CHD’s Brief to the European Court of Human Rights
By Mary Holland, CHD General Counsel and Vice Chair
© March 19, 2020 Children’s Health Defense, Inc. This work is reproduced and distributed with the permission of Children’s Health Defense, Inc. Want to learn more from Children’s Health Defense? Sign up for free news and updates from Robert F. Kennedy, Jr. and the Children’s Health Defense. Your donation will help to support us in our efforts.
Relatively few Americans realize that lawsuits related to human rights in Europe can ultimately be heard in an international court, the European Court of Human Rights (ECHR). People must first file cases regarding their individual rights in their home countries, but if they have exhausted domestic remedies and are still dissatisfied, they can sue their country in the ECHR – and sometimes win, often changing policies across the 49 countries subject to the ECHR’s jurisdiction.
The ECHR’s Grand Chamber for especially important cases is now reviewing the issue of compulsory vaccine mandates for school attendance in member countries. The case the Court will decide arises from a vaccine mandate law in the Czech Republic. Families opposed to compulsory vaccination sued, raising several human rights concerns under the 1950 European Convention on Human Rights: Article 8, respect for family life; Article 9, freedom of conscience; and Article 2 of Protocol 1 to the Convention, the right to education. The petitioners also raise the issue of informed consent to a medical intervention, arguing that compulsory vaccination violates the Convention on Human Rights and Biomedicine (the Oviedo Convention).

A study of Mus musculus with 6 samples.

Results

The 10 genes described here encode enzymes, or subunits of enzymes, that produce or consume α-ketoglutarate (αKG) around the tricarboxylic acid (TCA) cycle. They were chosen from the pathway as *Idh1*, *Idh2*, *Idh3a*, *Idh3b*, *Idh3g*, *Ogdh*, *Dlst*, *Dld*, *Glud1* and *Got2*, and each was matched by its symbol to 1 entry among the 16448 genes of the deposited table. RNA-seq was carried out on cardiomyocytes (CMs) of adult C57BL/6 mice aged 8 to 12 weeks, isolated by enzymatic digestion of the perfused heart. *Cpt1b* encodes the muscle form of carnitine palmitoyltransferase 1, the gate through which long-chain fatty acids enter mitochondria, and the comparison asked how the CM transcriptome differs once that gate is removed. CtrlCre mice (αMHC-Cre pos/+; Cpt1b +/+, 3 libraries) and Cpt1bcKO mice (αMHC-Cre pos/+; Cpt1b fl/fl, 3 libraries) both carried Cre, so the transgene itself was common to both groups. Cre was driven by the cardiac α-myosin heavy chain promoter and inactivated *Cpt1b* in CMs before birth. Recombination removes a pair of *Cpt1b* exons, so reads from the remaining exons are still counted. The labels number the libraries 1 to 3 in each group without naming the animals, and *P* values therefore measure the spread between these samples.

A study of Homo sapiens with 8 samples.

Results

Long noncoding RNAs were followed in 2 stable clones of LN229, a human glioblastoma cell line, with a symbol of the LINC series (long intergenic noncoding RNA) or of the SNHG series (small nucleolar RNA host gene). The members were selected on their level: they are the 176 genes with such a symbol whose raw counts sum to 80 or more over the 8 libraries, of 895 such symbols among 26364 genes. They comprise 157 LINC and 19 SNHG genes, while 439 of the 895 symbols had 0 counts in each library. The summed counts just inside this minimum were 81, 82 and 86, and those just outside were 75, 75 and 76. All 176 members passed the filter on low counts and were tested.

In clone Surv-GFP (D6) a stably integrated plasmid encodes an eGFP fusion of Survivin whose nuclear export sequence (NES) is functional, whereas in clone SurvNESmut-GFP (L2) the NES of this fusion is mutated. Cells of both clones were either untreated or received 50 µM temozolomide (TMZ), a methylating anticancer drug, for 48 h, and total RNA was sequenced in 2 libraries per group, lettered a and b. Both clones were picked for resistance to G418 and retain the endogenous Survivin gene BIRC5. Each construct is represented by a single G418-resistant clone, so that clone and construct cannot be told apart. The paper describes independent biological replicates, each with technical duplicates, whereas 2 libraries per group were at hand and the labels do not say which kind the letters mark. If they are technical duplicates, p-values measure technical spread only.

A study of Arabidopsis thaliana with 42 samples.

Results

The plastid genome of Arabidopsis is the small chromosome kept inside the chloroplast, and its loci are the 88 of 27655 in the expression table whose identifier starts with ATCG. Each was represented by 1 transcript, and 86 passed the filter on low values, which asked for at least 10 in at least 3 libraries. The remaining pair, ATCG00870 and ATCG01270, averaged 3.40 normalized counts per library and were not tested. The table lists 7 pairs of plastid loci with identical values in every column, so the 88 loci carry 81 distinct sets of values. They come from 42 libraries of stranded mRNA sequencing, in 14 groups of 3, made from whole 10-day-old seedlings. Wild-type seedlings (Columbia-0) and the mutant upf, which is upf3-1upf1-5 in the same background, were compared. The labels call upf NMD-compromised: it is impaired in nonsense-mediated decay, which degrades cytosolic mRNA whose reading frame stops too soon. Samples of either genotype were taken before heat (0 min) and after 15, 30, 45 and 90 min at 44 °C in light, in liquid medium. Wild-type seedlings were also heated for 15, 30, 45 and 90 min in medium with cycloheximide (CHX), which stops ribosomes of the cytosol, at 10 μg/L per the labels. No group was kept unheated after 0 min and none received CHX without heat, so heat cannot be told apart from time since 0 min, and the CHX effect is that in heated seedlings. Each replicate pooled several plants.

With the assistance of Senta Depuydt and the European Forum for Vaccine Vigilance, Children’s Health Defense was able to submit a “friend of the court” brief on this matter. The Grand Chamber is scheduled to have a public hearing on the case on April 30, 2020 in Strasbourg, France, assuming that pandemic measures do not postpone it.
Children’s Health Defense strongly supports the rights of individuals to make voluntary choices regarding vaccines. The CHD brief cites the Nuremberg Code and the 2005 UNESCO Declaration on Bioethics and Human Rights. It also touches on the lack of proven safety and efficacy, religious rights, conflicts of interest, discrimination, questionable science, censorship, risk of genomic change, risk of unintended genocide, and liability as critical concerns that strongly weigh against vaccine mandates.